Funeral homes are doing what they can to support their grieving families with strict public health guidelines in place to curb the spread of COVID-19.
In Alberta, no more than 15 people are allowed in one place at one time and that includes funeral services in either a funeral home chapel, a church, or anywhere else for that matter.
Travis Zentner, Manager of Cornerstone Funeral Home, says these are unprecedented times for everyone, including the funeral industry. “We’re encouraging people to have live streams of their services or recording them and sharing them after with people, whether that be on-site at the funeral home, at another venue like a church, or like at a graveside service we had recently.”
Funeral homes are considered an essential service in the province of Alberta during the ongoing pandemic, as released by the government last week.
Chris Martin Jong, General Manager at Martin Brothers Funeral Chapels in Lethbridge, says they have social distancing protocols in place at their funeral home to make sure everyone has the appropriate space they need. “At our funeral home we’ve had to break our staff into different shifts and separate teams should anyone get sick. If families are gathering we ask they keep two meters apart and we mark that out and can accommodate that in our chapel as well.”
Both Zentner and Martin Jong say their funeral homes are taking every health precaution possible during the ongoing pandemic to make sure their respective staff and the families they serve are safe and taken care of.
Zentner says this whole situation is very unique in the fact that the funeral industry is one that tries to empathize and console as much as humanly possible. “When you take out that ability to give a hug when you know somebody needs it or even a hand on shoulder, or even a handshake. It’s tough when that human aspect is taken out of the funeral industry. We just want to be there to be people’s guiding hand. All this doesn’t help things, but at the same time we want to make sure we are as safe and secure as possible.”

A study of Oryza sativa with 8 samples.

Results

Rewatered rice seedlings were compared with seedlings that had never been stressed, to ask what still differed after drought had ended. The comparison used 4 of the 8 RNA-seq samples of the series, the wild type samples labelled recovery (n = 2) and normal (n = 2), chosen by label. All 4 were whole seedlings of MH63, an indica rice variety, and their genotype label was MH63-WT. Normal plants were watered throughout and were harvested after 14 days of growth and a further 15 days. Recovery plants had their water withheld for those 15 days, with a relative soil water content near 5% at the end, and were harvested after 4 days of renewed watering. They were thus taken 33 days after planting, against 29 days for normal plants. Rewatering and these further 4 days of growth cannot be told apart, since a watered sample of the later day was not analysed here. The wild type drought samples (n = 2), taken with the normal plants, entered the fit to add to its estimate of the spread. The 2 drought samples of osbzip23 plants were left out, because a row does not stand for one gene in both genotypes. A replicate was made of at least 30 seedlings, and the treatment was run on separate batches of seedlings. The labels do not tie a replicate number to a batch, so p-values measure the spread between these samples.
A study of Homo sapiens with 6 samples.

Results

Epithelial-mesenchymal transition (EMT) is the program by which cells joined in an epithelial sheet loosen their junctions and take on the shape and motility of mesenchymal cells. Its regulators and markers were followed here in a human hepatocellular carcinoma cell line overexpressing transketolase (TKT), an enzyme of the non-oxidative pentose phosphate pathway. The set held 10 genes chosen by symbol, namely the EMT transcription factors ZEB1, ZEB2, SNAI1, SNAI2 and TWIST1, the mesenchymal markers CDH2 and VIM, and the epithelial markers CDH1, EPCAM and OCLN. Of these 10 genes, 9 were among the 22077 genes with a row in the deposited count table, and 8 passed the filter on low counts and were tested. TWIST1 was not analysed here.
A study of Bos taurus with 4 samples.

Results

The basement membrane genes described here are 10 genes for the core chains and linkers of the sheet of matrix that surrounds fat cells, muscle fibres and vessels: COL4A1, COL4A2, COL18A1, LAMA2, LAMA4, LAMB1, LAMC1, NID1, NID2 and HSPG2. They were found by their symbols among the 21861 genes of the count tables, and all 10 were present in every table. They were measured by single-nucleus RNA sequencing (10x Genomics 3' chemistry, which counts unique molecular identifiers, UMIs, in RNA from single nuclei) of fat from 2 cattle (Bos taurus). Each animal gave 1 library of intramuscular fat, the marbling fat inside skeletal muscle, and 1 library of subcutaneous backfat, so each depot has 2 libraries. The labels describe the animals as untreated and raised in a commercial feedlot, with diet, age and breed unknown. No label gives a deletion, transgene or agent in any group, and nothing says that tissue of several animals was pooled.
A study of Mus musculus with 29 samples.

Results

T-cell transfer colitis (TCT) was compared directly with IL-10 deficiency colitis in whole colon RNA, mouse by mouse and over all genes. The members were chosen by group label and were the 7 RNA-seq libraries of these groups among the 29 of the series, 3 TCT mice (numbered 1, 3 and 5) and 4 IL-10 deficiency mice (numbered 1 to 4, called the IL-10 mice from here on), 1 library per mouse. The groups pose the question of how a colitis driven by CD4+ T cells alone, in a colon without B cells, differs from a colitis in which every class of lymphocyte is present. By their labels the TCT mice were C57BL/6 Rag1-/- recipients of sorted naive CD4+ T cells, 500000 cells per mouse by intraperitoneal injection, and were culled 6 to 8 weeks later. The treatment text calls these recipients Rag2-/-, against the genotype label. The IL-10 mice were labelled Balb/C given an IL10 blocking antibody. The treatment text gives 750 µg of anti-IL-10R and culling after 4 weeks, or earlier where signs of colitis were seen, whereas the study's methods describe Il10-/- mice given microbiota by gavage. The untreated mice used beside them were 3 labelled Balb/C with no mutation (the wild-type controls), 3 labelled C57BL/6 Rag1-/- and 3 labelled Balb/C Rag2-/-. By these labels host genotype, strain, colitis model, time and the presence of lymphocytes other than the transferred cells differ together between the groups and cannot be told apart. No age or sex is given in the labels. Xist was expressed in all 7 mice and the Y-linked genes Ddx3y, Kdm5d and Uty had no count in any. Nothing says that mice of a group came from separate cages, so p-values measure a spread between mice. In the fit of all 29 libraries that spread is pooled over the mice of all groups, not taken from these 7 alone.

Martin Jong also says despite the public health restrictions, providing something meaningful for grieving families during these unprecedented times is paramount. “I mean, at a time when there is an unimaginable loss and things like that for families we still have to provide something that’s meaningful and helps them to mourn.”
He too says families they service at Martin Brothers are requesting more streaming of services and doing private video and audio recordings as ways to share services with friends and family who can’t be there in person.
Martin Jong says even when it comes to making funeral arrangements, they try a limit the number of people in arrangement conferences in order to keep those physical distancing requirements.
Given the physical distancing requirements and all the concerns around COVID-19, Zentner says it is still o-k to have something like a visitation or viewing after someone has passed away if families wish. He notes people can even rotate a few at a time to pay their respects, keeping with the guidelines given by Public Health officials.